By Judy Martel · Bankrate.com
Wednesday, November 20, 2013
Posted: 2 pm ET

There's a new tax on the block, whose presence will intrude on high-earners and those seeking income from a retirement investment portfolio. Congress implemented a 3.8 percent surtax in January to help cover the rising costs of Medicare, but there are ways to lessen its bite.

Uncle Sam wants your income.The surtax will be imposed on either the amount of modified adjusted gross income, or MAGI, or the net amount of taxable investment income over a certain threshold -- whichever amount is less. The thresholds for the surtax are: $250,000 for married couples filing jointly, $125,000 for married couples filing separately and $200,000 for single filers.

Jeff Speight, client relationship manager with Tanglewood Wealth Management in Houston, says now is the time to begin planning for both short-term and long-term methods of reducing MAGI or net investment income in order to stay under the thresholds.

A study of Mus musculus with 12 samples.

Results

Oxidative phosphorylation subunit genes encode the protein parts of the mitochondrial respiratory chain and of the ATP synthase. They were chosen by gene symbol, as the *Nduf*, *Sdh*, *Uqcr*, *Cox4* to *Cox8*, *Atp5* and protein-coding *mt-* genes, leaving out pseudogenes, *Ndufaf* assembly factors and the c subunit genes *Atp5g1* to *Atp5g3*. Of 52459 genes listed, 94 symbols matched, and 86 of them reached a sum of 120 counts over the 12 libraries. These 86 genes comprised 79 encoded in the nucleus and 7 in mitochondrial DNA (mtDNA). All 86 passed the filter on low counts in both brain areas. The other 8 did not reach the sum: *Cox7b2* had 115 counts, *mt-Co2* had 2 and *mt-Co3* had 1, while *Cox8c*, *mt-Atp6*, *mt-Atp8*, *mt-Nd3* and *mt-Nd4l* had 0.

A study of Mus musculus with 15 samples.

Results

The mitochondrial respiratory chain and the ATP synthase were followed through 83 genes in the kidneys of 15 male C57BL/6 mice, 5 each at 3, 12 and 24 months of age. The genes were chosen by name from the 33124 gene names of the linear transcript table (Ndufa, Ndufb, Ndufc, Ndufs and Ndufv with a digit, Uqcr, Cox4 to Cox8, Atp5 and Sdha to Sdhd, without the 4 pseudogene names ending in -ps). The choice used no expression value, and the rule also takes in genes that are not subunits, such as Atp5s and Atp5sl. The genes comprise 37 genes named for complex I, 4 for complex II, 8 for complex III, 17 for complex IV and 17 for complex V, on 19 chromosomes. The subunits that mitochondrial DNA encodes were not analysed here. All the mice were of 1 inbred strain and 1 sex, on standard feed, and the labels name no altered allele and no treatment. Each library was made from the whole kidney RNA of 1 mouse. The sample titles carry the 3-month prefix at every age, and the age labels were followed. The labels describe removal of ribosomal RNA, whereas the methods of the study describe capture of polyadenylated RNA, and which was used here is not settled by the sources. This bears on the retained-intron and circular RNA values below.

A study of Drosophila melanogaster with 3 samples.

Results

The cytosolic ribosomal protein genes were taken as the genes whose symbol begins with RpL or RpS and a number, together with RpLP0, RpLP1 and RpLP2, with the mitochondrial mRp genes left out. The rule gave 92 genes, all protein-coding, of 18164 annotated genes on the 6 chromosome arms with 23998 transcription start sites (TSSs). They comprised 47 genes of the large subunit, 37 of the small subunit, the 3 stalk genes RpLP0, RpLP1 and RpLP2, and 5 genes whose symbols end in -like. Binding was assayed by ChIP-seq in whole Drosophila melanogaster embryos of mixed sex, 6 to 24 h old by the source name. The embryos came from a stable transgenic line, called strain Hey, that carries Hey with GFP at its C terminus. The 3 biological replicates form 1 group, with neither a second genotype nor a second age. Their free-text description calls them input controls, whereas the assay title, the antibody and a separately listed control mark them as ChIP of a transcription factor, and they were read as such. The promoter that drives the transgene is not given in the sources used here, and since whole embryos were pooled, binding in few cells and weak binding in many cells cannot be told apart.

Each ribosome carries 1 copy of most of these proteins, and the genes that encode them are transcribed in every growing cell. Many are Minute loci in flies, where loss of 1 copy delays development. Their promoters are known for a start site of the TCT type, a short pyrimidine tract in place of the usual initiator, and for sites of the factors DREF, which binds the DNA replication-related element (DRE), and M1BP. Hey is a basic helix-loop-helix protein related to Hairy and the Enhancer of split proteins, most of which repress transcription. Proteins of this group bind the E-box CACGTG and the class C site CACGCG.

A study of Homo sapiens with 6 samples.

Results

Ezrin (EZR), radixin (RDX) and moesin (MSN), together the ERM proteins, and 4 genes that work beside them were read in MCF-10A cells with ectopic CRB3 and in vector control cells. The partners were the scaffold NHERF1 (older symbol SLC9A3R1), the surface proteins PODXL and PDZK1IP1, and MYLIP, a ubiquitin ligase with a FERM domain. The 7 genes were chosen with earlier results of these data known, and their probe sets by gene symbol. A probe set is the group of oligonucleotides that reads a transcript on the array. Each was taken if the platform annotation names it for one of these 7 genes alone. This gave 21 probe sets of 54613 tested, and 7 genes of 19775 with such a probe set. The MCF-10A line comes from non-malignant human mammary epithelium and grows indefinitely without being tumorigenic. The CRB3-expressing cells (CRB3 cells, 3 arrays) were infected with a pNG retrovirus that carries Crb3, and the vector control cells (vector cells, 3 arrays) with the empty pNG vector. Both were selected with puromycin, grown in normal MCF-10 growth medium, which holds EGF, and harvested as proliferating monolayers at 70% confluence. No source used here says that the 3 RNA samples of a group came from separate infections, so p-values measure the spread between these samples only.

Tips for reducing income subject to the surtax

  • Investment income can include stock dividends, capital gains from the sale of equities or a home, bank interest, royalties and income from rentals or annuities. If you view your entire portfolio as a whole and manage taxable and nontaxable accounts well, you can reduce taxable income, says Speight. For example, tax-exempt bonds and growth equities could go into taxable accounts, while dividend-producing equities would go into the tax-deferred account.
  • Take carryover losses. Last year, Speight says, while Congress debated tax reform, "we put investment losses in a war chest to use at some point in the future." The additional surtax means that now is the time to claim those losses, he adds. Because of the new graduated capital gains rates, and depending on income, the depreciation on income could be 18.3 percent or 23.8 percent, versus 15 percent last year. "Offsetting gains is a much better value this year than last year."
  • Instead of giving cash, gift your appreciating securities to charity. That way you avoid the capital gains imposed from selling the securities, and you still get a charitable income tax deduction.
  • As a longer-term strategy, Roth IRA withdrawals are tax-free, so consider moving some of your traditional IRA into a Roth IRA, says Speight. "But doing that means you'll pay higher income taxes in the year you make the conversion," he adds, so consider the timing carefully.
  • For those who are eligible for a retirement plan, allocate as much income into it as you are allowed, Speight advises. "Every dollar you put in will reduce your MAGI."

Keep up with your wealth and mortgages and follow me on Twitter: @JudyMartel.